Scottish housebuyers are stretching their finances in the pursuit of more space… and then filling that space with junk.
According to Clydesdale Bank's quarterly Housebuyers Survey, more than half (57%) of housebuyers in Scotland are driven by square footage when buying a new home. Some 66% said the house they are after has to have at least one spare bedroom and they are willing to pay more for the additional space.
But, having paid for the luxury of more space, most people don't actually use it. More than one in four (28%) people admit to having at least one room in their house that sits unused for most of the time, usually either the spare bedroom that is filled with laundry or a dining room that only sees a meal once a year at Christmas.
Steve Reid, Clydesdale Bank's director of retail banking said: "While location still tops the charts of 'must haves', space is now the new frontier. However, once we've got it - and in most cases paid a premium for it - we often don't use it in the way we intended.
"How many of us sit down to have our evening meal on our knees in front of the TV while the dining room sits empty, or use the spare bedroom just to hang our washing and have piles of clothes waiting to be ironed? It's quite a pricey laundry room!"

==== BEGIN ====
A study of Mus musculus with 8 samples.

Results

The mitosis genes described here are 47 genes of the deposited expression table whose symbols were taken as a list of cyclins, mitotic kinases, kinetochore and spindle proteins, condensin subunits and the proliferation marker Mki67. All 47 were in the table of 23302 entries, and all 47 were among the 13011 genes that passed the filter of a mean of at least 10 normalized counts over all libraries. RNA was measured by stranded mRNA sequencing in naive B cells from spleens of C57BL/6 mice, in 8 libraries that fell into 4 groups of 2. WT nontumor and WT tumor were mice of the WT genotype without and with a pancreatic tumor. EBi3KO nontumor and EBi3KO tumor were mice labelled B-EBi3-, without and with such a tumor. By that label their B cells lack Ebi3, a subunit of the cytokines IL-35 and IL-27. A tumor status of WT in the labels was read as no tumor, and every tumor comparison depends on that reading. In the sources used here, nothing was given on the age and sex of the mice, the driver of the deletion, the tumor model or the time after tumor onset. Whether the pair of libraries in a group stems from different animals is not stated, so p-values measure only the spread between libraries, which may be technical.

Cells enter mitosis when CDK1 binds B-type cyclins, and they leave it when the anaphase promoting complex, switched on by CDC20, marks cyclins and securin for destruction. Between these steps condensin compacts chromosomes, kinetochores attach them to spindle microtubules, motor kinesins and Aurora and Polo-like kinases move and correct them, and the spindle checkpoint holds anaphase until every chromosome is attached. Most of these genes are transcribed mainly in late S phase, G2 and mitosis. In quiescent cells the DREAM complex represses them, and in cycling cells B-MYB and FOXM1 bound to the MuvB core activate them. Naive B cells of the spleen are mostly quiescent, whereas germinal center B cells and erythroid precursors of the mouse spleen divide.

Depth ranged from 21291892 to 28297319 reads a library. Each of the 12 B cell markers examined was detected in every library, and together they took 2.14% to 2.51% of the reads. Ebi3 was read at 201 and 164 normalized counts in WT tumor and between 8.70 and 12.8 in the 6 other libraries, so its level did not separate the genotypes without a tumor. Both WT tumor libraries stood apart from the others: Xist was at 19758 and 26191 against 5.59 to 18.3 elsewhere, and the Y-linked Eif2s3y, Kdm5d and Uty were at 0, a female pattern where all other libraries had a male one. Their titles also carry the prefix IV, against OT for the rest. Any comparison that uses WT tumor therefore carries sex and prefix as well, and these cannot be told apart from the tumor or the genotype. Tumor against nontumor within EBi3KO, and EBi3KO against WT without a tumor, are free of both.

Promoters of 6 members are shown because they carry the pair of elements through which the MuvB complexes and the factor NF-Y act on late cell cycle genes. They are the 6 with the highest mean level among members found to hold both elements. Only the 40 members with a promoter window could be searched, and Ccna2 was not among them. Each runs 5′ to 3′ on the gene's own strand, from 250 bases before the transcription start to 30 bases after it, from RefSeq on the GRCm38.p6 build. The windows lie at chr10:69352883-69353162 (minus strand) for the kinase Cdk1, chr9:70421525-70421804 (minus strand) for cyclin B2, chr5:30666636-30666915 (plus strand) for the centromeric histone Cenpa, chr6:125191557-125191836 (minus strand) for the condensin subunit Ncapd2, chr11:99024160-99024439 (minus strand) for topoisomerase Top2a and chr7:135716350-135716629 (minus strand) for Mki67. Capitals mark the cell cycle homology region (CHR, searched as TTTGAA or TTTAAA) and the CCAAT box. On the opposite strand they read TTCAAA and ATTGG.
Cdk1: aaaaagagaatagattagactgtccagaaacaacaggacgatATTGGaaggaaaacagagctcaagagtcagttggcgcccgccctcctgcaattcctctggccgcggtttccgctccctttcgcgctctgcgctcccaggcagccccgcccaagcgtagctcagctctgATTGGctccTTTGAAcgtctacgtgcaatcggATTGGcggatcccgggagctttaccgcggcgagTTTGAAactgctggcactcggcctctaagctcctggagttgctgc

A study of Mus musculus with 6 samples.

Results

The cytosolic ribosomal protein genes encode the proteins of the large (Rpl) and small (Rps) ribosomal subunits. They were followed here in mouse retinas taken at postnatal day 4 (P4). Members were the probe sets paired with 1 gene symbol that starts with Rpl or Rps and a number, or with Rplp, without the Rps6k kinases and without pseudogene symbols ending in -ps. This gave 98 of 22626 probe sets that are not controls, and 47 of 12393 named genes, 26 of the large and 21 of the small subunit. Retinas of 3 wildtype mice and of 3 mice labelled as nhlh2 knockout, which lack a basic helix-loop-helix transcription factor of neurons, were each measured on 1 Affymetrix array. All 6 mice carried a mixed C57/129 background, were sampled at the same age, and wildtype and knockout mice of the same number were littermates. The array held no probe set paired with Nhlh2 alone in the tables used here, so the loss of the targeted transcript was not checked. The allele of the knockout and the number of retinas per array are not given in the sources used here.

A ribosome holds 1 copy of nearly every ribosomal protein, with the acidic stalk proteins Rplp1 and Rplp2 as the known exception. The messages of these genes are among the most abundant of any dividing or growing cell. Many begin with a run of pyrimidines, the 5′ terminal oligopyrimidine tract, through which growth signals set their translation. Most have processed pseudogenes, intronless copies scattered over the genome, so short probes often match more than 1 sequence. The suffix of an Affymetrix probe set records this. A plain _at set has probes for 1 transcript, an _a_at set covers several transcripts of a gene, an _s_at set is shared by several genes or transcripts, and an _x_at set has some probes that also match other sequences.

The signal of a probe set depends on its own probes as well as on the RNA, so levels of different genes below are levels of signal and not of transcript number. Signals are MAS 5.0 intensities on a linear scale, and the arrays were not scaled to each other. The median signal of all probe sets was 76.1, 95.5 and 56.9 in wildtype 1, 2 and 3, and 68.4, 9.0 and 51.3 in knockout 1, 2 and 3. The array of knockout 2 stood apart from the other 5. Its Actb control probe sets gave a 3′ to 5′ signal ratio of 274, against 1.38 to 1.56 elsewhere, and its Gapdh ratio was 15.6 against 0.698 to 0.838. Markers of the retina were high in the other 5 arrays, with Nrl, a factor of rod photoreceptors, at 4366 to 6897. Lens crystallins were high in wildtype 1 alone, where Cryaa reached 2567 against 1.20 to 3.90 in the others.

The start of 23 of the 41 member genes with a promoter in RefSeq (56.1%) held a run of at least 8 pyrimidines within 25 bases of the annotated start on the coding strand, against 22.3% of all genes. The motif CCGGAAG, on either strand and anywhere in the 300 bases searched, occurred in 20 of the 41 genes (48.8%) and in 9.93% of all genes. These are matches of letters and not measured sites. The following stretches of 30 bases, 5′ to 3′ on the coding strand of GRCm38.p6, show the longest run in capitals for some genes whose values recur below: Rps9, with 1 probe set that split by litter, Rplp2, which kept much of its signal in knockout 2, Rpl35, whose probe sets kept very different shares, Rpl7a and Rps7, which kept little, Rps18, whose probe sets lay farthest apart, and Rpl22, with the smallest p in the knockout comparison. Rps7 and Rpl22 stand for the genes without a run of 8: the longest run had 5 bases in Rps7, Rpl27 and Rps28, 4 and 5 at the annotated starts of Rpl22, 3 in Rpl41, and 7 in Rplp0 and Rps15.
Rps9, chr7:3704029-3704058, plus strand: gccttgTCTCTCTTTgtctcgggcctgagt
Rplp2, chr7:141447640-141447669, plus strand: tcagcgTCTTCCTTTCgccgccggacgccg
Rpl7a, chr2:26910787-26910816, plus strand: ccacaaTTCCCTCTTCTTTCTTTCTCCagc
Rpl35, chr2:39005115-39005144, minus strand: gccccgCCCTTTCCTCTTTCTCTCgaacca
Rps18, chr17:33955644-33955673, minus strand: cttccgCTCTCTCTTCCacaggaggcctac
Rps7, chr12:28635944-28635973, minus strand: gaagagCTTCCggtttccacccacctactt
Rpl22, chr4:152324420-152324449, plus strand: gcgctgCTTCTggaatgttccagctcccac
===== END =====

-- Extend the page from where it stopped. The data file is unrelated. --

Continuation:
Out in the cold
Although a garage is often a prerequisite for house hunters, 53% of Scots admit their motor will end up on the driveway open to the elements as the garage turns in to an overflow storeroom for junk. Similarly, one in five (20%) admit their conservatory houses a jungle of bicycles and trampolines as the kids' toys take over.
Nation of hoarders
Clydesdale Bank's research found almost half (46%) of Scots prefer to view houses when they are fully furnished so they can get a realistic idea of the space.
But once everything is moved in, it still doesn't always find a natural home as one in seven (16%) people admit that the last time they moved, boxes remained unpacked for more than a year.
The future of space exploration
When it comes to moving, buyers are not only looking at space the house currently has, but at the potential to create even further space. Clydesdale Bank's research also found almost half (49%) of people would opt for a house which had room for an extension such as a loft conversion or conservatory.
Shrinking your space to grow profits
Although the survey found people are driven by having as much space as possible, more than a third can see the potential of shrinking their garden. Some 35% said they would be keen to sell part of it off to a neighbour or builder.
Steve Reid, said: "Instead of moving house every time you need more space, a significant number of people are looking at houses they can grow in to and extend. For those who want to realise the potential a large garden has to offer, selling part of it can be a really viable option."